When the invasion began, the bowls in the cabinet started to rattle and shake, and the chandelier swung wildly. At midday, the sky turned black, the sun blocked out by military planes. Anatoliy Ginzburg was only 9 in 1941 when war ravaged Ukraine, but already old enough to know he was living through hell.
“The explosions began, and then weeks of war began,” Anatoliy, now 90, told me when I spoke with him in Kharkiv two years ago. “God forbid that anyone should witness such horror with their own eyes.”
Now, Anatoliy faces another war—just like tens of thousands of other Jewish seniors and millions of their neighbors in Ukraine. For many, the Feb. 24 invasion was a return to the deepest, most base traumas of childhood.
By any definition, Ukraine’s elderly Jews, like all those throughout the former Soviet Union, have had it uncommonly hard. Some came of age in wartime, and all endured decades of oppression and antisemitism under the Soviet regime, eking out an existence through the turbulent 1990s and continuing to make ends meet on pensions as low as $2 to $3 per day. They endure thanks largely to humanitarian support provided by my organization, the American Jewish Joint Distribution Committee—which I first connected with on a Penn State Hillel trip to Moldova in 2011.
These days, my heart is in Ukraine—my grandfather’s homeland, and the country I’ve fallen in love with on half a dozen trips. Since the invasion, I’ve been in constant touch with friends and colleagues across the region, and I’ve been profoundly moved by their selflessness and courage. One colleague, a single mom with a preteen daughter, found herself living in an underground parking garage in the early days of the war, but she still made time to check in on isolated elderly Jews in her city. Another attempted to deliver jugs of water to his neighborhood bomb shelter, only to be thwarted by air raid sirens.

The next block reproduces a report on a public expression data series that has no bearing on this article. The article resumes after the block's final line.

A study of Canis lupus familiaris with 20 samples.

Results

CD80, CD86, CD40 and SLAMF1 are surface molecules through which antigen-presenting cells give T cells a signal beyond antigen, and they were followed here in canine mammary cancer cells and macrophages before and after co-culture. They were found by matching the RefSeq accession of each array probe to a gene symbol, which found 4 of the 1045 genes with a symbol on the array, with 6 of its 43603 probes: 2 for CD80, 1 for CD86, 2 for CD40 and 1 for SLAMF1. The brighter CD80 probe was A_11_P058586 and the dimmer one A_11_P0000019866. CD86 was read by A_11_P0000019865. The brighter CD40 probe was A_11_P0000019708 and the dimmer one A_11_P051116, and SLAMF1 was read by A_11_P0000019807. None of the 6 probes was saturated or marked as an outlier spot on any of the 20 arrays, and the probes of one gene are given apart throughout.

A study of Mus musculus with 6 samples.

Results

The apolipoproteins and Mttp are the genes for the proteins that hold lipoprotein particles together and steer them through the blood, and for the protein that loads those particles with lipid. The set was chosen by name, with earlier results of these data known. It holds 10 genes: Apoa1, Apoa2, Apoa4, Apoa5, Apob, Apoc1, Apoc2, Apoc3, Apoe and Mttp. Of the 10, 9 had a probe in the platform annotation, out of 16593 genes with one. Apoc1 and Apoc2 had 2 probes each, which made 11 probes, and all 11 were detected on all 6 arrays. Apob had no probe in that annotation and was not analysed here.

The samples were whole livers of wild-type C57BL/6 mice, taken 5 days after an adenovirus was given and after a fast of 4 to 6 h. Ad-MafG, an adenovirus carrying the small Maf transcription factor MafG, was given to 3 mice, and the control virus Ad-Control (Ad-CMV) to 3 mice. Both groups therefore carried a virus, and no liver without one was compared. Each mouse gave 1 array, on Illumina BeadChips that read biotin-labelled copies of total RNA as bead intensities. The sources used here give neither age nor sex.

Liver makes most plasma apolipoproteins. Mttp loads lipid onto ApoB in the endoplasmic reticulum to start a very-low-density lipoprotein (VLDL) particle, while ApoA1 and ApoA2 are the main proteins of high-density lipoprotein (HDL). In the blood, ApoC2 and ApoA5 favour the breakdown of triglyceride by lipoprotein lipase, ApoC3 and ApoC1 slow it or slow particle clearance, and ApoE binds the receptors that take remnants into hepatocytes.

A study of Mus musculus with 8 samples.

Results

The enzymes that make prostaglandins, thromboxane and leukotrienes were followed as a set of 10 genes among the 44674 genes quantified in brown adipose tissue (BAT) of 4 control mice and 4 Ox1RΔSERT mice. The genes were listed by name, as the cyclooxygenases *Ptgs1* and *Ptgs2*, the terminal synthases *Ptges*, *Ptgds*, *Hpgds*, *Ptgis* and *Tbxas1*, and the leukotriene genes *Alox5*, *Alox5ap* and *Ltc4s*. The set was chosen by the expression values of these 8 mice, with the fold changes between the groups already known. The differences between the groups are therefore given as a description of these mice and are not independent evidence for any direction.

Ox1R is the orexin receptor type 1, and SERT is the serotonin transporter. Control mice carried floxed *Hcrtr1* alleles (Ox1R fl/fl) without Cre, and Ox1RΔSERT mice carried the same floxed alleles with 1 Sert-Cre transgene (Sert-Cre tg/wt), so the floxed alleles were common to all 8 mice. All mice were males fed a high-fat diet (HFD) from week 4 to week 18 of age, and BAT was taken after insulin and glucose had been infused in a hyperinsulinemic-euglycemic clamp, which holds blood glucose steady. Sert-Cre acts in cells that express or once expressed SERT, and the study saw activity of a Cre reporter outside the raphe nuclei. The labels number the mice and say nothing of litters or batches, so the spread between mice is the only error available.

Colleagues worked hotlines for at-risk Jews sheltering in place, and they heard the most incredible stories: dedicated home-care workers hunkering down with their clients through the curfews and the shelling; an octogenarian hiding in the same house where she hid during the Holocaust.
Years before I met Anatoliy, I was in Kharkiv, sitting at the bedside of Margarita Lubashevskaya, a disabled piano teacher born in 1946 in a Kharkiv that still bore the fresh scars of war. She had recently fallen and broken her thigh, losing her mobility and her livelihood in one fell swoop. Despair beckoned, but Margarita had a life raft: her beloved home-care worker, a devoted childhood friend who now cooked and cleaned for her, shopped for her groceries, and brought her to the doctor. “I never thought, at the end of my life, after everything that’s happened, that it would be like this,” she told me. “I’m a little low on optimism these days, but I have to hope. Nothing else is left.”
What do we do with that? How do we respond to a world that daily seems to subject the most vulnerable to new horrors? We channel Margarita’s home-care worker; we show up and bear witness; we listen; we help. If Anatoliy and Margarita can keep going, we owe it to them not to lose hope.
Alex Weisler is a video and content producer at JDC. A version of this essay first appeared on eJewishPhilanthropy.com.